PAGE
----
Let your speech always be gracious, seasoned with salt, so that you know how you ought to answer each person. –Colossians 4:6
The Bible has some scary words—Hell, suffering, persecution are a few such words. But the word “always” in the above verse might take the cake. I mean, I’m pretty good at letting my speech be gracious on certain occasions—like at funerals or something. Yep, at a funeral I seldom let ungracious words, coarse joking, or empty talk escape my mouth—I hold it in the way my wife holds her breath for luck when we drive across bridges. At work, too, I do a pretty good job, remembering that I don’t know these people well enough to be as rude as I’d like to be to them, so I steady my tongue the best I can.
But always, really? Even when someone cuts me off in traffic? Even when I get home from work, I’m tired, and I want nothing more than to just cut into my wife with my words? Even when I’m around my best buddies and we get to talking like thick-necked inmates? Always, really?
But that is what God’s Word prescribes, and here are the two things I am learning about that concept.
1) It works.
Seriously, when I decide not to gossip—even when dropping that juicy secret would feel so very, very good—I don’t get pulled back into a messy situation. When I decide to bite my tongue rather than another person with my words, I encounter far less conflict. When I refrain from yapping about someone behind his or her back, I find it easier to be loving to his or her face.
These choices, when made, likely don’t make me the most fun person to be around, but I can’t think of a single spot in Scripture in which we are told, “Go therefore into all the world and absolutely be the life of the party.” By honoring people with my words and muffling ungracious speech, I’ll likely preclude myself from ever getting a talk show on the E! Network, but I think I can handler that (puns, even lame ones, surely can’t be considered ungracious!).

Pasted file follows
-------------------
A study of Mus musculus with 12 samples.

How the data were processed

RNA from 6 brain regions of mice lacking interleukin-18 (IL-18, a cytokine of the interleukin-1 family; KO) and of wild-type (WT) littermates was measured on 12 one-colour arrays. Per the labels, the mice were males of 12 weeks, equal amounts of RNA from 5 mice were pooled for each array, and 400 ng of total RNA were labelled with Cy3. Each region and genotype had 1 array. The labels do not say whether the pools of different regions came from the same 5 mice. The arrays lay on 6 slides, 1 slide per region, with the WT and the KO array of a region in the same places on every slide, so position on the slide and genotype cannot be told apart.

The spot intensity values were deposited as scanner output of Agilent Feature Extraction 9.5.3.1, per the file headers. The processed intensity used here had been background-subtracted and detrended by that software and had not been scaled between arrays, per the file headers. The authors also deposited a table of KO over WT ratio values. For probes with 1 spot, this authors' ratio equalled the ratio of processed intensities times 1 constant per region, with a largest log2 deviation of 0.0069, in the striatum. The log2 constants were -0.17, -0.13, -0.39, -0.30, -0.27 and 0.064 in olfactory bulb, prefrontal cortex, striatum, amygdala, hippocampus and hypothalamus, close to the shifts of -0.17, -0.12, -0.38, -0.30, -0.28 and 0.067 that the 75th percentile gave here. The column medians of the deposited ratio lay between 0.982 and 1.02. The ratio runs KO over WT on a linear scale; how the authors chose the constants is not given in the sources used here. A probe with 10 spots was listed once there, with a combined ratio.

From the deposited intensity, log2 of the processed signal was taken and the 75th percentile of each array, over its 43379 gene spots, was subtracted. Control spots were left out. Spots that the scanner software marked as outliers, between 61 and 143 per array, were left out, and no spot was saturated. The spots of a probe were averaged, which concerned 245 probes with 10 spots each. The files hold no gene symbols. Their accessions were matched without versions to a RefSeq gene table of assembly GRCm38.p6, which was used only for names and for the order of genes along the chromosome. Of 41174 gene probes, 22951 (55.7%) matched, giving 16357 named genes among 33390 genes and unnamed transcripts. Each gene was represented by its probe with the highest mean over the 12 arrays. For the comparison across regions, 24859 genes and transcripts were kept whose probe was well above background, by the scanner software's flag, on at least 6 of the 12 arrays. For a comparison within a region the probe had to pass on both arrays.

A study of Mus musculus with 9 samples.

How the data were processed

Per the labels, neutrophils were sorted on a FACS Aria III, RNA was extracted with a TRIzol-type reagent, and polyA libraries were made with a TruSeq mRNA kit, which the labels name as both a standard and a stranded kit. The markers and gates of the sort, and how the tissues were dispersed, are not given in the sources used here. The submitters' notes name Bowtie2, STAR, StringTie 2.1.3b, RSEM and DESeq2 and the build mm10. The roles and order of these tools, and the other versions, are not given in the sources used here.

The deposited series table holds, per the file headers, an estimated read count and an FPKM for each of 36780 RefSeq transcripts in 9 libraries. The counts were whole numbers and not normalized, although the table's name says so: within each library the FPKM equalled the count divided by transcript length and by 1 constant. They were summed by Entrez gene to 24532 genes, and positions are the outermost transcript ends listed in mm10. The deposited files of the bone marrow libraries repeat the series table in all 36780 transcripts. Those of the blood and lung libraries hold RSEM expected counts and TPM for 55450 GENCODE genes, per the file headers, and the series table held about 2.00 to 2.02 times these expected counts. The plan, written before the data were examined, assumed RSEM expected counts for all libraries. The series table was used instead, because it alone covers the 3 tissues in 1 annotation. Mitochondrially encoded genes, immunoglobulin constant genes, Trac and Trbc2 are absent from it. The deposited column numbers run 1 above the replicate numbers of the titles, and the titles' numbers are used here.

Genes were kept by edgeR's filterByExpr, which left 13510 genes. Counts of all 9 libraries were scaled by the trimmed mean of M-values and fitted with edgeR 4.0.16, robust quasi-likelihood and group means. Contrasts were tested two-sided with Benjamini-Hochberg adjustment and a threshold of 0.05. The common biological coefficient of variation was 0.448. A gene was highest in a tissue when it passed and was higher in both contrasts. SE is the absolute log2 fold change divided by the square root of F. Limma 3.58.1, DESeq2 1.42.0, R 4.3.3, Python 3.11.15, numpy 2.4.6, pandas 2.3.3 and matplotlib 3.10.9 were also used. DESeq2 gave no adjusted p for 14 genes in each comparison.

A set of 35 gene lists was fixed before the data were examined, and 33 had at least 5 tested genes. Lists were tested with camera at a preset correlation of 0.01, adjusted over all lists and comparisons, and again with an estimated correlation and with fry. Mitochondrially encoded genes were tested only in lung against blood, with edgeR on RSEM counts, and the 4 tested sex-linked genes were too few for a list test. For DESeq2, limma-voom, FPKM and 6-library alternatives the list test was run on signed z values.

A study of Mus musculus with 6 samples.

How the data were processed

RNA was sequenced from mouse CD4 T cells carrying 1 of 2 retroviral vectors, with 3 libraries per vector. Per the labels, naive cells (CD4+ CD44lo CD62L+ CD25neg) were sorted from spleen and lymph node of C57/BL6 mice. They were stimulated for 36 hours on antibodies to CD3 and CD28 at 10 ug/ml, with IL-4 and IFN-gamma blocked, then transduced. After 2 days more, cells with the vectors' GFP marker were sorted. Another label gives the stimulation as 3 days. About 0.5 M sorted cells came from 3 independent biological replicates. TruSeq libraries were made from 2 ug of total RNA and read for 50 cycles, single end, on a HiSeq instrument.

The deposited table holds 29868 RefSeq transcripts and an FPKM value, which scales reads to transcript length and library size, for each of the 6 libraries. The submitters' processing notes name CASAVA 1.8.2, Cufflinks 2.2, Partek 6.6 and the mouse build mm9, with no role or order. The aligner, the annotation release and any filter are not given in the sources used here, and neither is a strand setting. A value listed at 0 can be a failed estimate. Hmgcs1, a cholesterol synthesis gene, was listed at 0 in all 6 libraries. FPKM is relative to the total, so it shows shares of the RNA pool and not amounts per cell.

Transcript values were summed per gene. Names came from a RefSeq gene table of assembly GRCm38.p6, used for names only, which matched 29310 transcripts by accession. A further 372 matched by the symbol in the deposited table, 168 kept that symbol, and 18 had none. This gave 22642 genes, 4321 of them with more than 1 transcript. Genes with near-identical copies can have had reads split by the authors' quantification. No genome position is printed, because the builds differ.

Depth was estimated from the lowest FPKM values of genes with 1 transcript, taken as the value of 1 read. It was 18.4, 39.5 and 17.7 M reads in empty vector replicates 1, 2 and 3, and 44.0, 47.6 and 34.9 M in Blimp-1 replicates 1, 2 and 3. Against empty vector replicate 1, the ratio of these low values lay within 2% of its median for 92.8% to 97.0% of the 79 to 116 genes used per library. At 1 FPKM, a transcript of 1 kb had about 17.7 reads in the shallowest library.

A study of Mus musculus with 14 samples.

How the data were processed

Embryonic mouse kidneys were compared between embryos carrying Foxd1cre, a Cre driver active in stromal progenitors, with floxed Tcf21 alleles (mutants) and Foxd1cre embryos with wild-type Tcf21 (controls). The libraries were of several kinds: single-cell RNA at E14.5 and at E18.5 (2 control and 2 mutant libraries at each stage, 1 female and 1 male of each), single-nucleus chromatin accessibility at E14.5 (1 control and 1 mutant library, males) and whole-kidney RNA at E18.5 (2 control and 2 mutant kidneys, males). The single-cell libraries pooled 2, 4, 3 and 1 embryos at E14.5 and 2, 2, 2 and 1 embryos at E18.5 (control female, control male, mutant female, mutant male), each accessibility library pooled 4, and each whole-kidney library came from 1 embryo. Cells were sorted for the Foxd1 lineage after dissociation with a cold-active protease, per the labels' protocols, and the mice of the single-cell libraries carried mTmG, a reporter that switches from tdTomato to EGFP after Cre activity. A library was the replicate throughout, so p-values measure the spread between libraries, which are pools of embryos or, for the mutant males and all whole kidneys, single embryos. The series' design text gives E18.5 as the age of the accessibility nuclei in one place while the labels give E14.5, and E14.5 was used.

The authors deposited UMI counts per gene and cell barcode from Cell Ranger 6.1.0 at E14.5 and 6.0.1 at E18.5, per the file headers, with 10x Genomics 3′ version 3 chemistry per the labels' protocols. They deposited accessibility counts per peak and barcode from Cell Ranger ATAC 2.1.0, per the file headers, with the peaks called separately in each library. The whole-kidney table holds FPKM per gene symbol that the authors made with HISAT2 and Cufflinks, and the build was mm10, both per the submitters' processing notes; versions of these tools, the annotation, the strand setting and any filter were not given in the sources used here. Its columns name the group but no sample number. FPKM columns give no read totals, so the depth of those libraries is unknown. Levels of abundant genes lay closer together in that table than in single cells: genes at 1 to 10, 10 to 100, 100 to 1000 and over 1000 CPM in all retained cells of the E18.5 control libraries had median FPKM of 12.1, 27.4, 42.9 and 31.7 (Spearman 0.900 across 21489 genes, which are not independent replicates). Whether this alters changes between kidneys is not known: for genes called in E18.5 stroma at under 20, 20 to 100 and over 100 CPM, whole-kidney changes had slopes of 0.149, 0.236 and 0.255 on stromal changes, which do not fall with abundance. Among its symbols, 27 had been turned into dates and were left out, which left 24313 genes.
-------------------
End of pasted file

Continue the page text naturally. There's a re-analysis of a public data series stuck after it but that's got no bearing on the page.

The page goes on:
Simply put, my relationships improve—EVERY SINGLE ONE OF THEM!—when I aim to be gracious in my speech. My sequel to the famous book How to Win Friends and Influence People could be a nine-word manuscript reading: “Let your speech always be gracious, seasoned with salt.”
2) I can’t do it.
In and of myself, yeah, I slip into ungracious speech. I tell jokes I shouldn’t—like the one about the nun, the sailor, and the camel’s hump . . . see what I mean? I cut people down. I’ll manipulate, making passive aggressive comments meant to undermine, to deceive, to run down. I’ll use a tone with my wife and other loved ones, that essentially communicates, “You don’t matter, not one little bit.”
I hate it.
I want to be gracious in my speech, even when I really, really don’t want to be. I want to have control over my tongue (the Bible elsewhere likens it to the rudder of a ship), and I want to build people up or simply say nothing at all. And to do this, with any measure of success at all, I need God. I need to preach His truth to myself in each and every conversation. I need to constantly be reminding myself—in every single conversation—“Be gracious, be gracious, be gracious.” I need to recognize the power of words, and their deadly impact to the souls around me. I need to trust His power and lean not on my own understanding of situations. I need to view the maddening jerks around me as creations of the Living God, and give an appropriate reverence for that creation.
And even in doing all that—and memorizing verses like Colossians 4:6—I’ll still mess up. Even today probably. But even so, that doesn’t undo the command of “Always.” Even when I lose control of my speech, always begins anew, laid out before me, a beautiful, unending challenge to be wiser and to be better.
So here’s to today, and another chance at always gracious speech.